The pro teams of Magic have historically been nothing if not fluid. Players have separated into groups based on region, friendship, sponsor affiliation or even just how well their schedules match up. For years, it wasn’t a surprise to see a prominent player be a part of several different testing groups over the course of a year.
Team EUreka is changing that.
The team — named so because its members all hail from Europe — has been one of the most consistent groups over the past 12 months. Their first breakout success came when Martin Dang won Pro Tour Dragons of Tarkir, and Joel Larsson followed that up three months later with a win at Pro Tour Magic Origins. The run at Pro Tour titles ended at Pro Tour Battle For Zendikar, when the team had to “settle” for Martin Muller’s Top 8 appearance.
That’s a dominating stretch for any team, much less one that has existed for all of a year. But, while the tournament success is impressive — and there’s no doubt it is — it’s also not what team members are most excited about.
“We’ve never had a single person want to jump ship,” Dang asserted proudly in the hours before the majority of the team shuffled up for Grand Prix Mexico City, the event they chose to congregate at before heading to Atlanta for Pro Tour Oath of the Gatewatch next week. “It’s the first team I’ve been on where everyone works so well together. Everyone is on the same level and is a valuable part of the team.”
Joel Larsson, backed by members of the red-hot Team EUreka, was crowned the champion of Pro Tour Magic Origins.
It’s not luck that has brought about Team EUreka’s success — or their team comradery.
“We put people together who see the game the same way and want to be professional,” Muller said. “We looked for that mindset, and it’s worked out great. As a team, we really respect each other.”
That’s no easy feat when it comes to something with as many moving pieces as a professional team, but EUreka hasn’t only managed to assemble a cohesive team: they’ve built one of the best in Magic’s history.
With two Pro Tour champions in the last 12 months and hall of famer Olle Rade on the squad — not to mention two more players currently ranked in the Top 25 — perhaps the most defining feature of Team EUreka is that there is no defining headliner among the 15 members rostered for Pro Tour Oath of the Gatewatch.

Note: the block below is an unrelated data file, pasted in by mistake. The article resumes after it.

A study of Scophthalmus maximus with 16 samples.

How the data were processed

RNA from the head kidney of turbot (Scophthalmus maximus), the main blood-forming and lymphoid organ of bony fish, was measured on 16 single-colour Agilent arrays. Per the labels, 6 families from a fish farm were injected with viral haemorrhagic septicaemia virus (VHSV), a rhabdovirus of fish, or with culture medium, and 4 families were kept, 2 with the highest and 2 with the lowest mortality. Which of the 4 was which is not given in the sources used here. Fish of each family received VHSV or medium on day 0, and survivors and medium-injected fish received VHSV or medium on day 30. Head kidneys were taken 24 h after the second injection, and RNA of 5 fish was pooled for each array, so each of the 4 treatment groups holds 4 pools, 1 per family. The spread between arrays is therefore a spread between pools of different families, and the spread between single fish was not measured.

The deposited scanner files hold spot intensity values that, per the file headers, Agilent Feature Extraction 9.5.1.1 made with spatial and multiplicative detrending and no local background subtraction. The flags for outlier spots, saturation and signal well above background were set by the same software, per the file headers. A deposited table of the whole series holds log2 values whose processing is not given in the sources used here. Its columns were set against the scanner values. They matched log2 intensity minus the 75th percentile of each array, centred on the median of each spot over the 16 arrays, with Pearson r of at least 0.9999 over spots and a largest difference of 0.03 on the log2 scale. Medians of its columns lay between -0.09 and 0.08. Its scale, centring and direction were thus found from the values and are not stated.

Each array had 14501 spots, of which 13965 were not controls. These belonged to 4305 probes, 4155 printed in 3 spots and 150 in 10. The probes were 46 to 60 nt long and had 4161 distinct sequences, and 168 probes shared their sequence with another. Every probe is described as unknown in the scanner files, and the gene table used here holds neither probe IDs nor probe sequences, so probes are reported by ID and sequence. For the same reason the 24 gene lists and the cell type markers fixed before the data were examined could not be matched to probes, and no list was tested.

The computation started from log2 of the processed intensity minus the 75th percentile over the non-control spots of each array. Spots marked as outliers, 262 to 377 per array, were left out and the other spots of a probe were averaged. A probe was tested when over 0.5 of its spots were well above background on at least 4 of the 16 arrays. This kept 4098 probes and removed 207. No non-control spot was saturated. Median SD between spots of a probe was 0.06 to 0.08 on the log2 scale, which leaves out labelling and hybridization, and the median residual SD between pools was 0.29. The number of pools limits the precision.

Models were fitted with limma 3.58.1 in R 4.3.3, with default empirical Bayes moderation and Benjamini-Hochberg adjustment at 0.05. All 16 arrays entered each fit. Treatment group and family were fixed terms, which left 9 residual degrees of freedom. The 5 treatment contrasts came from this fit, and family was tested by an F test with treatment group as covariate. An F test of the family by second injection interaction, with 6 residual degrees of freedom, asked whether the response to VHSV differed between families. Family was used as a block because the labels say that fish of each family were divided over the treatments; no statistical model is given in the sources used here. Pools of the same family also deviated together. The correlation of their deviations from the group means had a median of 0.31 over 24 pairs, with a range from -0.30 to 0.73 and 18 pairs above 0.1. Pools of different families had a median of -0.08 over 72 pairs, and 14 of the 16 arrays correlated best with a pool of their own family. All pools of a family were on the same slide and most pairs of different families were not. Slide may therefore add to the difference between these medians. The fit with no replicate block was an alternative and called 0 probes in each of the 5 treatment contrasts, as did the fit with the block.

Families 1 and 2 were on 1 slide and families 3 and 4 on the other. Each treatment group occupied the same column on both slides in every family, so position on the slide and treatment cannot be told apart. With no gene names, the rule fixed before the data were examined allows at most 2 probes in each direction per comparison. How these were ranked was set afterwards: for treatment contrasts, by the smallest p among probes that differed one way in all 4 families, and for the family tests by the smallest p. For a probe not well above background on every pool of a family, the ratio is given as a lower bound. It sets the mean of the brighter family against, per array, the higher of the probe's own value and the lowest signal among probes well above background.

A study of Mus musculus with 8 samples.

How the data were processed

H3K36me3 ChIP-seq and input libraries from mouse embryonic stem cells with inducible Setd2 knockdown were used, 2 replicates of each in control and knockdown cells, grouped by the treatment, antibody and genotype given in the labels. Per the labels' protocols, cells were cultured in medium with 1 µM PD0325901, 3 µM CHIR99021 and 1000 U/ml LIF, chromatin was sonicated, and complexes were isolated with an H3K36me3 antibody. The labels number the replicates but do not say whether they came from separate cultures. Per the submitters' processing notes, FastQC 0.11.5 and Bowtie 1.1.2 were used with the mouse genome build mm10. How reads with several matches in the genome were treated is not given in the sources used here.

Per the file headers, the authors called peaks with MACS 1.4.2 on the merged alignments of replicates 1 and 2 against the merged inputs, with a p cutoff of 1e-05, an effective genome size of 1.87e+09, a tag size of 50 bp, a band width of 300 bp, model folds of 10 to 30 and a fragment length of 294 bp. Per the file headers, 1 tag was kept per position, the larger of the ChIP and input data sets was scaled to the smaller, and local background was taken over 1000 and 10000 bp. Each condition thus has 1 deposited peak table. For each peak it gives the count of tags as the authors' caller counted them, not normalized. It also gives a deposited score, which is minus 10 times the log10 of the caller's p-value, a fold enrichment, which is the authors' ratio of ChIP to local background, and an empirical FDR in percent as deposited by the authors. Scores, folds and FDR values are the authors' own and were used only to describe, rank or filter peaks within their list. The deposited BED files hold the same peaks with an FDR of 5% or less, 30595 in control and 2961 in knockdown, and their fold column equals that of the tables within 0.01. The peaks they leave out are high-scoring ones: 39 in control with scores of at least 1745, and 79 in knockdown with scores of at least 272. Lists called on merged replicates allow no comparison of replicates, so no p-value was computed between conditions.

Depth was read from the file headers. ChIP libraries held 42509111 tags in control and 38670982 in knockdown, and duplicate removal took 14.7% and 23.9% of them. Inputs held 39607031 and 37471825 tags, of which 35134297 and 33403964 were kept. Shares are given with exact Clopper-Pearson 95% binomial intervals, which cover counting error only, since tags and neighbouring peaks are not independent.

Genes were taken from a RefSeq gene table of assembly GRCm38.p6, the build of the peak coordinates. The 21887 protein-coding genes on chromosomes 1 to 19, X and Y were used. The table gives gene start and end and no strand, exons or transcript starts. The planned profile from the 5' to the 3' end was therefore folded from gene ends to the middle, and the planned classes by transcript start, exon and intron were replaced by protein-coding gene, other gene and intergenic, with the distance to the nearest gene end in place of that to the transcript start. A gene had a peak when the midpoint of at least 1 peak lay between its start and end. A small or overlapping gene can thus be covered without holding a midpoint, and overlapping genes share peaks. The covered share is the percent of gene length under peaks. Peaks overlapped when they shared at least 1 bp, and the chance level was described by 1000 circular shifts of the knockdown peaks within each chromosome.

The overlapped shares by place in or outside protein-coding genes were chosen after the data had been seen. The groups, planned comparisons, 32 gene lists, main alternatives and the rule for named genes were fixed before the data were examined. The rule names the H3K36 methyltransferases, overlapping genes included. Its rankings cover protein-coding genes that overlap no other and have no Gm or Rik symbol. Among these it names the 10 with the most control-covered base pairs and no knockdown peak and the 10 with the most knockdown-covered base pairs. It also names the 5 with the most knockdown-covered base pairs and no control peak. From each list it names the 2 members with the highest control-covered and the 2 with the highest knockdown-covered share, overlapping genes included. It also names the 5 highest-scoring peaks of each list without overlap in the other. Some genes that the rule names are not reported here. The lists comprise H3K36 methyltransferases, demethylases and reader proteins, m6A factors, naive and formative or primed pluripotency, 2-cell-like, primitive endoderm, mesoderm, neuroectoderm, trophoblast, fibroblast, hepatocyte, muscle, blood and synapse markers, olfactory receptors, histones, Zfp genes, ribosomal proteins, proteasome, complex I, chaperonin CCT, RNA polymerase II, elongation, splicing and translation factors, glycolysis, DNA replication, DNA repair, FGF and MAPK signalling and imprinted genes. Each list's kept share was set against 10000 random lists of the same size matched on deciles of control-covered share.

“There are no giant egos to deal with,” Dang explained, “just a good group of players working together.”
With their opportunity to run their streak of Pro Tour Top 8 appearances to four in a row, most of the players converged in Mexico City a week before the Grand Prix. In between frequent trips to sample the local cuisine, the team has spent the time deep in preparation for the Pro Tour. That meant non-stop Oath of the Gatewatch-Battle for Zendikar drafts, and they were pleased to share what they had learned so far.
“It’s a really different format than triple Battle for Zendikar,” Muller said. “In a lot of ways it’s more of a ‘normal draft,’ where you don’t have to draft a ton of synergy. It’s really changed the way you evaluate some cards. For instance, Wave-Wing Elemental was a borderline card before, but now it’s actually quite good. There are a lot of defensive creatures in Oath of the Gatewatch, and you can’t always get big guys like Eldrazi Devastator to end the game like you could before. Back then you would play a 3/4 flier, and they would just play an 8/9 and kill you. Now that doesn’t happen as often, so you actually need finishers.”
“They are still playable, but you have to be more efficient or have evasion because the games go longer,” Dang explained. “It’s definitely a different format now, and more balanced throughout the colors.”
Of course, testing can only get you so far, and nothing matches up to a live tournament. By the end of Pro Tour Oath of the Gatewatch, we’ll know exactly how accurate Team EUreka’s take on it is — and whether they can keep their Top 8 streak going.